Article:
Monday, July 23, 2012

Dogs and Men

Jacob and Sophie
My wonderful birthday weekend included a two-day visit to my younger son's new home and special time with his famly amd ended with a lovely gathering at my house, of neighbors and people I care about, put together by Jordan and my neighbor Jay (who baked a scrumptious cake). We were also celebrating his wife, Susan's birthday. So I was surrounded by wonderful people and thoroughly enjoyed the evening.
But it ended on a sour note after everyone but Jay and Susan and her dad had left. I went to put my dogs out--they'd been in because of the heat--and my big dog couldn't stand. His back legs kept splaying out from under him. Jay carried him outside, by which time the poor dog was shaking visibly. Long story short, Jay and I, with Scooby, ended up at the emergency animal care clinic about 8:45. Their probable diagnosis was toxicity--he'd gotten hold of something. I couldn't believe that but we waited for blood work results, which eventually were all good--no organs damaged. While we waited, Jay lay on the floor and loved on Scooby who finally began demanding affection and kissing him lavishly. Jay is what I call "a dog person," and it clearly showed last night--he really cared about Scooby. Meanwhile Jay also joked, poked fun at me, and was, in a word, outrageous. When the doctor came in with lab results, Jay was on the floor demonstrating a yoga pose. We left the dog to be "stabilized" with fluids, lasix, steroids, etc. On the way home, I said to Jay that I knew he kept cutting up to keep me from dissolving in a puddle, and he admitted there was usually a method to his madness. But I can't say enough for his kindness and attentiveness--I offered to go in my car so he didn't have to wait, but he wouldn't hear of it. He was right, of course, that I was on the verge of tears, and he steered me in a better direction. Other than loyal and loving children, there's nothing better than a good neighbor, and I am fortunate.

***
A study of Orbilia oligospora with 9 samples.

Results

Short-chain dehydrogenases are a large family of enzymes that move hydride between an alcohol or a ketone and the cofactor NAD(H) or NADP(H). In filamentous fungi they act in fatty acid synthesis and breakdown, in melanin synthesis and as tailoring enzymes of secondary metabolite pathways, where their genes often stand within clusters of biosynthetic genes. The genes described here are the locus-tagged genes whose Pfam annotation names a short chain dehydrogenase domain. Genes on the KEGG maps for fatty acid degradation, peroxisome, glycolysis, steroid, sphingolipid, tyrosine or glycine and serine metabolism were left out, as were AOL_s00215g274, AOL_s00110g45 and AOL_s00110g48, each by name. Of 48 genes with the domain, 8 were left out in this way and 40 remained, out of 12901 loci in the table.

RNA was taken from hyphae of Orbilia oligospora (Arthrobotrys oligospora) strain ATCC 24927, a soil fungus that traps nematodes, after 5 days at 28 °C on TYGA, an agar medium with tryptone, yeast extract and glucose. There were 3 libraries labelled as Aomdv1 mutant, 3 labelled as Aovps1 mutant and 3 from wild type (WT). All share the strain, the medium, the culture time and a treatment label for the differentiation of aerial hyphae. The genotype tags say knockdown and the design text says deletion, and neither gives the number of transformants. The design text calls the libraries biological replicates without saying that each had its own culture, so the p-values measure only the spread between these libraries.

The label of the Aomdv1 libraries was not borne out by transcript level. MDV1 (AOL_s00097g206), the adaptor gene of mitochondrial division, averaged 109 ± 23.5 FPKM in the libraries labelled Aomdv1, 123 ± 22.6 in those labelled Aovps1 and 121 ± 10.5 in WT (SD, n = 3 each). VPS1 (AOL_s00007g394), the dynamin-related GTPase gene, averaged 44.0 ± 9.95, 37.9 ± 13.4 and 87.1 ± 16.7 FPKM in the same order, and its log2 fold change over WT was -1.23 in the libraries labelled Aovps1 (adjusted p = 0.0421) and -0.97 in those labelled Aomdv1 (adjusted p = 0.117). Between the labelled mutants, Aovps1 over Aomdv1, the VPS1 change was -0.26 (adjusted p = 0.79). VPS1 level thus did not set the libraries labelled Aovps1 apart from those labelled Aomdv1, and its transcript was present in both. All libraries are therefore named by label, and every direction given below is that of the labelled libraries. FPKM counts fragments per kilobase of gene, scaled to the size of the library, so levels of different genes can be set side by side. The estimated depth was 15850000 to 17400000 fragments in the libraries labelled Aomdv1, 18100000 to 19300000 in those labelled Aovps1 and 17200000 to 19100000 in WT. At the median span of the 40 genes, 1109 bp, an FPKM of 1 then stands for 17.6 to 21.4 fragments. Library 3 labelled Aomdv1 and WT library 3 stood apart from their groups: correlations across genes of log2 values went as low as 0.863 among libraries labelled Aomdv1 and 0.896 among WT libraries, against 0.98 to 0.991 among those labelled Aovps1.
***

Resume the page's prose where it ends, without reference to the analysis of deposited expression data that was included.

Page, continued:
This morning I got Scooby from the emergency clinic--he was a bit better--and took him to my vet, who says he thinks it's a recurrence of his idiopathic vestiubular disease (it's like meuniere's disease in humans) and we'd just have to let him lie low for a couple of days. So Scooby is snoozing away at the vet's, and I am encouraged. He's an old dog, and I know one day one of these episodes will be the last, but he'd been enjoying life so much I couldn't face it last night. Another neighbor, Greg, had just commented Friday that Sophie, the little dog, has added years to Scooby's life. Friday the two of them were playing and  mock growling all around Greg's feet while he was trimming bushes. Nope, that dog isn't ready to go--and I'm not ready to lose him.
Today I felt the hangover of the trauma. It had even been an act of something on my part to transfer Scooby from vet to vet alone, so I was wiped out and not much good at anything. Sophie, bless her, put the icing on the cake this afternoon. I went to bring her in for her mid-day meal and a nap while it was hot, but she wouldn't come and obviously had something in her mouth she didn't want to relinquish. Finally she darted in the open door and made a beeline for the study, where I could corner her. But if I went to one side of the desk, she scooted under it to the other--and so it went. We were at a stalemate, in spite of my stern commands to "Drop it!" She finally did, and a pitiful baby bird gave a weak flutter. I put Sophie in her crate, gathered a handful of paper towels and disposed of the bird, and decided I really really needed a nap.
Tomorrow, I'm certain, will be a better day--and maybe I'll get some work done. But meantime, I entered into another senior year with great joy.